In The Past, One Media Mogul Kept Lines Open
written and submitted by: Roger Landers
this article appeared in the Hernando Times Edition of the St. Petersburg Times Monday, October 30, 2006.
In the age of instant communication, it is difficult to imagine the isolation of 19th century Florida.
News from elsewhere came by mail; weekly newspapers from Tampa, Ocala and Tallahassee, and the state's only daily paper, the Jacksonville Times-Union.
Fred L. Robertson moved to Brooksville in 1879 and started a newspaper. Although his war wounds were still noticeable, four years later, he would serve as postmaster, newspaper publisher and also operate the telegraph office.
All this from his office next to the Brooksville Hotel on the dusty street where Fort Dade Avenue meets Main Street, where the SunTrust Bank parking is today. Brooksville had a media mogul.
Having borrowed $250 from a group of local businessmen, Robertson purchased an old Army printing press in Tampa and began a weekly newspaper called the Crescent. Not a businessman, he lost ownership to Austin Mann, a local candidate for the state Senate in 1884. But he purchased a local competitor's paper, the Hernando News, bought out Mann's assets in the old Crescent - renamed the Register - and christened the new paper the News-Register.
Fredrick Landrum Robertson was born in South Carolina in 1845 and educated at the Columbia Arsenal Academy (later renamed the Citadel). With the outbreak of the Civil War, Robertson, along with many of his classmates, volunteered with the Columbia Guards, Second South Carolina Infantry. Wounded five times, twice severely, he served out the war attached to the staff of South Carolina Gen. Wade Hampton.
At the war's end, many disillusioned Confederates went to Mexico to establish a government in exile. Robertson joined this movement but lasted only about a year and returned to the United States. Living in Alabama in 1868, he rekindled a relationship with Margaret S. Boswell of Fauquier County, Va. They married in October 1869. Her family, uncertain of Robertson's business skills, insisted that he sign away any rights to land and property that Margaret would inherit in the future.
Where and when Robertson learned the printing trade is a mystery. He was considered a good writer but poor businessman.
A commanding individual with a noticeable limp and missing arm, Robertson was involved in local affairs. He served on the first City Council of Brooksville, was active in the Methodist Episcopal Church and served as president of the board of trustees for the Brooksville Academy.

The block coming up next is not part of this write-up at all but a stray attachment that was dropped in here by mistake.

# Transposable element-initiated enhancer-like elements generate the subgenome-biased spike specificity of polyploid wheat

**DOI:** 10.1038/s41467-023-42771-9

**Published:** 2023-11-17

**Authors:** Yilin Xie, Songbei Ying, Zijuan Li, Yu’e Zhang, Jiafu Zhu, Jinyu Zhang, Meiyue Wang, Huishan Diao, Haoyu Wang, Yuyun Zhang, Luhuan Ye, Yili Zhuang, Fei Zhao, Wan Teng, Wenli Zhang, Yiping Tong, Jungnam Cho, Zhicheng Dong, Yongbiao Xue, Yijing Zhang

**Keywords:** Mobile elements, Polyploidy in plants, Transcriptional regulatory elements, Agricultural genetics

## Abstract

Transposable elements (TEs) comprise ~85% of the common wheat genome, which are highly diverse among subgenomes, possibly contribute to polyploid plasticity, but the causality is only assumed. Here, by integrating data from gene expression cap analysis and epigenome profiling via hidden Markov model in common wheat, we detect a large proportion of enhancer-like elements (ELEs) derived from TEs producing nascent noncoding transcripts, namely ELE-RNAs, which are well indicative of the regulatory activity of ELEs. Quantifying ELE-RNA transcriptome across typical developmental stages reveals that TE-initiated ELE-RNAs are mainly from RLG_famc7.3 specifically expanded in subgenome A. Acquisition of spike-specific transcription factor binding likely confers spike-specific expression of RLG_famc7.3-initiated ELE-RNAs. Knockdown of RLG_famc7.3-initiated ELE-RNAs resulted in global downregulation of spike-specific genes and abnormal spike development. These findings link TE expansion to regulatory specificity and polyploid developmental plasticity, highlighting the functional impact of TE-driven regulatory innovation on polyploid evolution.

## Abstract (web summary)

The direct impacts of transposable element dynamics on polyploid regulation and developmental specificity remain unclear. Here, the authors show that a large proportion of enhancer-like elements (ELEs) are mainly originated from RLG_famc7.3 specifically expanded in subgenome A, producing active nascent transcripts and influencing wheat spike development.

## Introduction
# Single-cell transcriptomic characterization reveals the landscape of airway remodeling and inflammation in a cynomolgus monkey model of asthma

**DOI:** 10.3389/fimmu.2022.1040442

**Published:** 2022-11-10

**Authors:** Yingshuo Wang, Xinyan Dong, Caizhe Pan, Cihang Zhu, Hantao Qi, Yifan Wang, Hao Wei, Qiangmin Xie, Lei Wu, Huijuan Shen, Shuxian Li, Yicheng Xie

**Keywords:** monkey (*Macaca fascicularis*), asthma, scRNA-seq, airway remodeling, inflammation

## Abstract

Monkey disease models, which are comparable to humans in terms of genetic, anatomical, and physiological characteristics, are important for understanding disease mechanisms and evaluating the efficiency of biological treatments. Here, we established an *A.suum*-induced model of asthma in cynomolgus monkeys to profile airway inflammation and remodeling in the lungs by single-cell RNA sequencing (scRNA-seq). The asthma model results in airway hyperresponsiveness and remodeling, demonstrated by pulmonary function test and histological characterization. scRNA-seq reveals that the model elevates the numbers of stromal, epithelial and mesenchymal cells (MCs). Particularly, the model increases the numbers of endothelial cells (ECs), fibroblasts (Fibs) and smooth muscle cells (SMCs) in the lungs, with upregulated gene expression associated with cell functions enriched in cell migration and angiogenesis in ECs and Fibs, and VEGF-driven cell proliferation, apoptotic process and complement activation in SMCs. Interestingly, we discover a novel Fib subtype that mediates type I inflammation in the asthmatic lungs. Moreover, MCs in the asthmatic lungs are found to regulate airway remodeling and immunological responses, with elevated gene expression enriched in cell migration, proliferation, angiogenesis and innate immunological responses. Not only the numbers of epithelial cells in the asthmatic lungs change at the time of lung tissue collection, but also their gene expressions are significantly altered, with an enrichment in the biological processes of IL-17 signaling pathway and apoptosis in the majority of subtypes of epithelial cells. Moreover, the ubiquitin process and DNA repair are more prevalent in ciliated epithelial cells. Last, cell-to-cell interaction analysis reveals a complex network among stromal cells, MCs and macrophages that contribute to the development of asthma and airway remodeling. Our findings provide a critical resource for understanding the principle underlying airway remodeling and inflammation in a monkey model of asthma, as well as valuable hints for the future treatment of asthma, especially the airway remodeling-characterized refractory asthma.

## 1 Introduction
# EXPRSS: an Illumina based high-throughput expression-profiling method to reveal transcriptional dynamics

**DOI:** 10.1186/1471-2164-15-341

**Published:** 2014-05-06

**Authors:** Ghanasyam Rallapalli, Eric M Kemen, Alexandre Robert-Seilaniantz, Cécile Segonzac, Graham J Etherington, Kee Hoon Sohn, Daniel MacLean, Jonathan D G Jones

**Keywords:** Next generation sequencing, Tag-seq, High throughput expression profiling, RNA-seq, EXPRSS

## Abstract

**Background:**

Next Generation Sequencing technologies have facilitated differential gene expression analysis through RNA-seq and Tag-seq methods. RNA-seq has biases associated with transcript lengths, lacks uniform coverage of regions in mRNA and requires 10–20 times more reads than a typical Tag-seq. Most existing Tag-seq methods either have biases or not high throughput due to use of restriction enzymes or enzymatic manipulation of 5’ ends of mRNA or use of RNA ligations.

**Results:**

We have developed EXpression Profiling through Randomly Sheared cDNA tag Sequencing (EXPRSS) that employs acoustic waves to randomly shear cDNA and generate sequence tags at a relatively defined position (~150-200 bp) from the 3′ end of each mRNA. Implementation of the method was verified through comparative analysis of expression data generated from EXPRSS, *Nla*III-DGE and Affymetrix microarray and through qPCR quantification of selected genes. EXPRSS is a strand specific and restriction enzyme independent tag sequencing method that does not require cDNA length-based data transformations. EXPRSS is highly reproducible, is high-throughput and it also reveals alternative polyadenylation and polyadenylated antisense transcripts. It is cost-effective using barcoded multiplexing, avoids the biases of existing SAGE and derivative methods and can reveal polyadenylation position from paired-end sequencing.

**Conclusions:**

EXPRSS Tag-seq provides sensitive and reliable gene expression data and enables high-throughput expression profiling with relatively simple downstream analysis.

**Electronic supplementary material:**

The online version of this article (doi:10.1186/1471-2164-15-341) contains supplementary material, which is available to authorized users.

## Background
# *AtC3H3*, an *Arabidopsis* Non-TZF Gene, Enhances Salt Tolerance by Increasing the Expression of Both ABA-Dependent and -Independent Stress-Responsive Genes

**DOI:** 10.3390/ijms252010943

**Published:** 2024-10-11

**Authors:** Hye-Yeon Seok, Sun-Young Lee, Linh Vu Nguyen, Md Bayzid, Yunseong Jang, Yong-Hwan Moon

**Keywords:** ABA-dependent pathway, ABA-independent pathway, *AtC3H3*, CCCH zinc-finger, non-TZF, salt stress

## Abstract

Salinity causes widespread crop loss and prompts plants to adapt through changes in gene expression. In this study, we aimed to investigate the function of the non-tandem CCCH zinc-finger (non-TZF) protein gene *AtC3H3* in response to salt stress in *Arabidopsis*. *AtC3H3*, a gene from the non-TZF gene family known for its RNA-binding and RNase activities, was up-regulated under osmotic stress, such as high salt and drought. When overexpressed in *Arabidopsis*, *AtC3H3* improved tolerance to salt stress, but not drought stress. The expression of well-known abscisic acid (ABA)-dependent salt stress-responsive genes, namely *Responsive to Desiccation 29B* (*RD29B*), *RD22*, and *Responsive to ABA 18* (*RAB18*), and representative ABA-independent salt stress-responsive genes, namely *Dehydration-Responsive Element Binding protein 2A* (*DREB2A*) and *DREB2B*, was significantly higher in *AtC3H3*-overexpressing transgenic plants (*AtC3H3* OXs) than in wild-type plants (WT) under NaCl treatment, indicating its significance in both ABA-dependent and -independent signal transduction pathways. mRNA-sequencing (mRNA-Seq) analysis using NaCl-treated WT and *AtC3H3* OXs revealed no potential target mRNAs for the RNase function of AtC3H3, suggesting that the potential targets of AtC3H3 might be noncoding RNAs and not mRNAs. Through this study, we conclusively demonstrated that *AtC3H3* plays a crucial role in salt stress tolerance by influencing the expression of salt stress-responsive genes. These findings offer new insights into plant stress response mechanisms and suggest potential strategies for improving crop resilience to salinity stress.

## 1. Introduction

In the mid 1880s, he helped organize the local militia - Dickinson Guards - and later was an officer in the Hill City Guards of Brooksville. He was the enrolling clerk for the Legislature in 1881 and 1883 and a bill secretary for the Florida Senate in 1895, where he was commended for developing a new document control system.
The Florida Press Association organized in the late 1880s, with Robertson as association president in 1898.
When the United Confederate Veteran Organization came into being in 1889, Robertson became active in veteran affairs in Florida and throughout the national organization. Rising to the rank of assistant adjutant general, he was respected and known through the entire organization.
After the loss of many veterans' records to fire, Robertson began a project to collect and preserve records from the Civil War and other conflicts. Two years later, the project, financed by the Legislature, included the Florida unit records of the Seminole War, Civil War and the Spanish-American War. The book, with an introduction by Florida Gov. W.S. Jennings of Brooksville, was published in 1905. A copy is available in our local library.
Three years after completion of the monumental work, Robertson died. When the editors of the Confederate Veteran Magazine learned of his death, a lengthy obituary was included in the January 1909 edition.
A subsequent story was included with the death notice that attests to the high regard and ethical standing of Robertson.
The story read in part: "At the Louisville Reunion of the Confederate Veterans, a collection was being made for an award for the editor of the Veteran's magazine. A gentleman's purse belonging to one of the contributors was found, and upon inquiry as to what to do with it someone said: 'Leave it with Fred Robertson.'"
Roger Landers is retired from the Hernando County School District, where for nearly 33 years he was a teacher, principal and district administrator. He is the historian for the county's Heritage Museum, historical adviser to the new Hernando County Historical Advisory Commission and a member of the Florida Historical Society. He can be reached at email@example.com.